I would like to use a rechargeable 3.6v 250mAh Ni-MH battery to directly power 10 5mm LEDs, is that too much mAh?


3.6V isn't really enough to run blue or white LEDs

What colour are these LEDs ?

Don't white LEDs have a drop voltage of around 3.3V? as little as 3V directly across the ELD is enough to (dimly) light my white and blue LEDs.

Yes, but allowing for protection resistors, you won't have the headroom to drive enough current to run them at their rating. If you try it, in a really dark room, you may even find your voltmeter on Ohms will run them.

Well I mean forgetting the protection resistors entirely. At 3V and less, I have not had any need for series resistors. The 3mm white LEDs I have will work with 3V in parallel just fine as an indicator light, even though it is not good practice to power LEDs with a low impedance source. For simple applications, I have not had any issues.

(though a fully charged 3S NiMh battery would be at a maximum of 4.2V, and a protection resistor will absolutely be nessesary.)

True, but the LEDs are barely working - the diode equation in action...

The "working on 3v" trick is used with the "LED throwies" idea.

lifeofB (author)  steveastrouk2 years ago

Sorry, forgot to mention they're white. I have tried a 3v coin battery with 10 yellow, but I would like to run 10 white. It's for a Star Wars Y-Wing. I want a battery that will last a long time between charges and will fit in a 100x25x20mm hole.

I'd use one LED and fibre optics to light the model, if it were me.

You can get white LED's that run on 3.2V but even those won't stay on full brightness for long as the battery goes below that value.
Best option IMHO would be to use special low voltage LED's like this one:

http://www.rapidonline.com/electronic-components/5...

Add a suitable resisotr to each LED and they should run quite long on your tiny battery.

Sorry for the typo, should of course read "suitable resistor to" ...

lifeofB (author) 2 years ago

The model I'm building calls for 13 LED's and fiber optics running from about 6 more LED's. I have managed to get them all running on one arduino and breadboard, I just hope I don't burn the house down, this being my first ever project.

The arduino will run on a mains adapter and has a pot for flashing speed, a pot for brightness, and an on/off switch.

After lots of trial an error and a lot of luck I have the other LED's acting just as I want. But I am having trouble getting 11 and 12 to stop flashing, any ideas?

int sensorValue = 0; //make a variable where you can store incoming
//analog values

void setup(){
pinMode(12, OUTPUT); //tell arduino what you'll be using these pins
pinMode(11, OUTPUT); // for (output).
pinMode(10, OUTPUT);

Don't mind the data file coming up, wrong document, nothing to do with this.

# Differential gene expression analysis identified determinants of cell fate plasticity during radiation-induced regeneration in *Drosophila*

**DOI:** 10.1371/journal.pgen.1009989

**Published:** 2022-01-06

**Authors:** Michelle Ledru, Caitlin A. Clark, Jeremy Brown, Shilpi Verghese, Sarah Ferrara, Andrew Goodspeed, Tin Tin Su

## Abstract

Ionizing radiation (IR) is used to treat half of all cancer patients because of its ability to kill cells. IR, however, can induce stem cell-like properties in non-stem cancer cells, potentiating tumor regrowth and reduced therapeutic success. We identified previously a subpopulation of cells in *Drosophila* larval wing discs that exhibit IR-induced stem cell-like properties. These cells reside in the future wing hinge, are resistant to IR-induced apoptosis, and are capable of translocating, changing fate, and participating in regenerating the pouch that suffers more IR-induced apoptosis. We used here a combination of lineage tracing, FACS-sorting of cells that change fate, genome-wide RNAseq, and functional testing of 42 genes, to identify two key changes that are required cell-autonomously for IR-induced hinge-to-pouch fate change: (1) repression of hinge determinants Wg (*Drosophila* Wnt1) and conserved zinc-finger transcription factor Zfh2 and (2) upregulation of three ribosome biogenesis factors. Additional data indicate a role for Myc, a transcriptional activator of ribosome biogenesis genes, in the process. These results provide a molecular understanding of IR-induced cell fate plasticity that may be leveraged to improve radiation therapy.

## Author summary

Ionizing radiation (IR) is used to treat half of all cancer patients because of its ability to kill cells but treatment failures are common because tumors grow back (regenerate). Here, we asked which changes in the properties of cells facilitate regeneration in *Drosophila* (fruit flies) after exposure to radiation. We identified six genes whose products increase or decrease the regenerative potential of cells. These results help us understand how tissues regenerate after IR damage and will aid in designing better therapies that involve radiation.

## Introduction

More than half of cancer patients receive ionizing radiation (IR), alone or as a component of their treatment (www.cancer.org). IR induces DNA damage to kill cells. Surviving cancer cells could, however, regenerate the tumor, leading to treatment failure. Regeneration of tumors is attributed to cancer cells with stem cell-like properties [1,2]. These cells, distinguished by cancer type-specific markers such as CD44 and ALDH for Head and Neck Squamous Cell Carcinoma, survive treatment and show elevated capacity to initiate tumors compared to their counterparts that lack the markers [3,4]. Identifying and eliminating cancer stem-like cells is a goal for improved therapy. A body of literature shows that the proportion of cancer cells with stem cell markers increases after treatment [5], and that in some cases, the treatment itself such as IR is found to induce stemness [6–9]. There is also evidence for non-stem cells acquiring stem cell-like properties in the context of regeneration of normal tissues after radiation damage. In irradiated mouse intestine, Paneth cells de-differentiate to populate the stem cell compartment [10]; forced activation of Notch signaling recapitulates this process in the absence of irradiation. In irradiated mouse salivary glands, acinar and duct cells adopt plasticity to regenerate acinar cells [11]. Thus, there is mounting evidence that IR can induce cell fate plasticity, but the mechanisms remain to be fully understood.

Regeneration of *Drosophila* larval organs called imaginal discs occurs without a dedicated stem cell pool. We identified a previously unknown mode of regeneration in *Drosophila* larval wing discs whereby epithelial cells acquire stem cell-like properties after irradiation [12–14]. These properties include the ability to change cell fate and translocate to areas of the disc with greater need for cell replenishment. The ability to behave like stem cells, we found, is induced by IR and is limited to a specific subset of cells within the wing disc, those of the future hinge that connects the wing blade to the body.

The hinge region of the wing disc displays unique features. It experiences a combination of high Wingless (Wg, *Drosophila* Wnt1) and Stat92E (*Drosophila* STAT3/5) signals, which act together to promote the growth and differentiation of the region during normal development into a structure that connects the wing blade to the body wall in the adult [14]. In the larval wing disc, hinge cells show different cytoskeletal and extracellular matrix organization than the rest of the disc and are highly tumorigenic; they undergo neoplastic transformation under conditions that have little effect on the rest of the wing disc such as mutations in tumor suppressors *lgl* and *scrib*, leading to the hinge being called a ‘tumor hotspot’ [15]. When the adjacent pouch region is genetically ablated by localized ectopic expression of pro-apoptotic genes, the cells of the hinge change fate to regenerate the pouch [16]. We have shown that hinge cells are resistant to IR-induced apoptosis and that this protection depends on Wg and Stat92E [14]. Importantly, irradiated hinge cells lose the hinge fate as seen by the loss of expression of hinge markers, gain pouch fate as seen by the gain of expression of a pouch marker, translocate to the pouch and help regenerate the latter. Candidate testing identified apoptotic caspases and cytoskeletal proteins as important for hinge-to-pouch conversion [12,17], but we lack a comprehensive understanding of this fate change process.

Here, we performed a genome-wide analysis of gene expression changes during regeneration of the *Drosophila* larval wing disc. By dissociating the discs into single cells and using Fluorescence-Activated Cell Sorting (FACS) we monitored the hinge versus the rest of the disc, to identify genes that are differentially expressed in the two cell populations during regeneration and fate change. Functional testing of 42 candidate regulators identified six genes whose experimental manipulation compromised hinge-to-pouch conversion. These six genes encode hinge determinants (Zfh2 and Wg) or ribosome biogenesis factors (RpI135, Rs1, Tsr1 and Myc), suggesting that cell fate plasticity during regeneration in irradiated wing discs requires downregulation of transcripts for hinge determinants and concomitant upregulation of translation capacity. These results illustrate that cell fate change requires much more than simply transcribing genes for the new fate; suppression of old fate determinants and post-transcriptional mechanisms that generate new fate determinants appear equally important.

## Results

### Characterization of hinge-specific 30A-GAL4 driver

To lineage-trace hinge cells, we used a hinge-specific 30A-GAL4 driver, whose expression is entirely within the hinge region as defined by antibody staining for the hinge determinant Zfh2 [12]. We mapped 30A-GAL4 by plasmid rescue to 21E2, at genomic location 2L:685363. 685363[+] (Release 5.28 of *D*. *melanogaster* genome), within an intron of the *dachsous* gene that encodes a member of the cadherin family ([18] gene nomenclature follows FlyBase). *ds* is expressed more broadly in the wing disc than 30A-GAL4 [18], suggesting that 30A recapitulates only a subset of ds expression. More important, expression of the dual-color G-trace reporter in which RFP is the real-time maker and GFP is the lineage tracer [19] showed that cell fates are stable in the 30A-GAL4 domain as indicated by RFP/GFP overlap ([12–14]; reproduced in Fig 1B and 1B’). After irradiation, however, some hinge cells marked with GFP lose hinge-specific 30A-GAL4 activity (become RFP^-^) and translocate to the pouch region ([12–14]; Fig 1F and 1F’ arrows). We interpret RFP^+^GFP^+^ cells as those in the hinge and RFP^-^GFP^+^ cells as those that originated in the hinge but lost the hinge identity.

pinMode(9, OUTPUT);
pinMode(8, OUTPUT);
pinMode(7, OUTPUT);
pinMode(6, OUTPUT);
pinMode(5, OUTPUT);
pinMode(4, OUTPUT);


Serial.begin(9600); //initialize serial
}

void loop(){ //we put the code we want executed in a loop

Serial.print("sensor = " ); //sends what's in quotes via serial
Serial.println(sensorValue); //sends our variable (sensorValue)
//via serial




digitalWrite(12,HIGH); // lights the led
digitalWrite(11,HIGH);
digitalWrite(8,HIGH);


digitalWrite(4, HIGH);
sensorValue = analogRead(0);
delay(sensorValue + 25);
digitalWrite(4, LOW);
delay(15);

digitalWrite(6, HIGH);
sensorValue = analogRead(0);
delay(sensorValue + 25);
digitalWrite(6, LOW);
delay(15);

digitalWrite(5, HIGH);
sensorValue = analogRead(0);
delay(sensorValue + 25);
digitalWrite(5, LOW);
delay(15);

digitalWrite(7, HIGH);
sensorValue = analogRead(0);
delay(sensorValue + 25);
digitalWrite(7, LOW);
delay(15);


digitalWrite(5, HIGH);
sensorValue = analogRead(0);
delay(sensorValue + 25);
digitalWrite(5, LOW);
delay(15);

digitalWrite(10,HIGH);
sensorValue = analogRead(0);
delay(sensorValue + 25);
digitalWrite(10,LOW);
delay(15);

digitalWrite(9,HIGH);
sensorValue = analogRead(0);
delay(sensorValue + 25);
digitalWrite(9,LOW);
delay(15);


}


To know how long your LED will run, we need to know how much power they will be taking. Are you powering them dimly at a few microamps, or pushing the full 30mA or more into them? You can probably make them light up all day and night if it is draws very little current.

-max-2 years ago

mAH is actually a rating of charge, and it is one of the factors (the other one being nominal voltage) you need to figure out WH. Just multiply 2 to get WH, which is capacity, or how much energy can be stored.

For reference: 1 Watt-Hour can deliver power for 1 Watt for one hour. Likewise, 2WH can deliver 4 watts for half an hour, 2 watts for an hour, or 1 watt for 2 hours, etc. The 2 just multiply together. You can never have too much!!!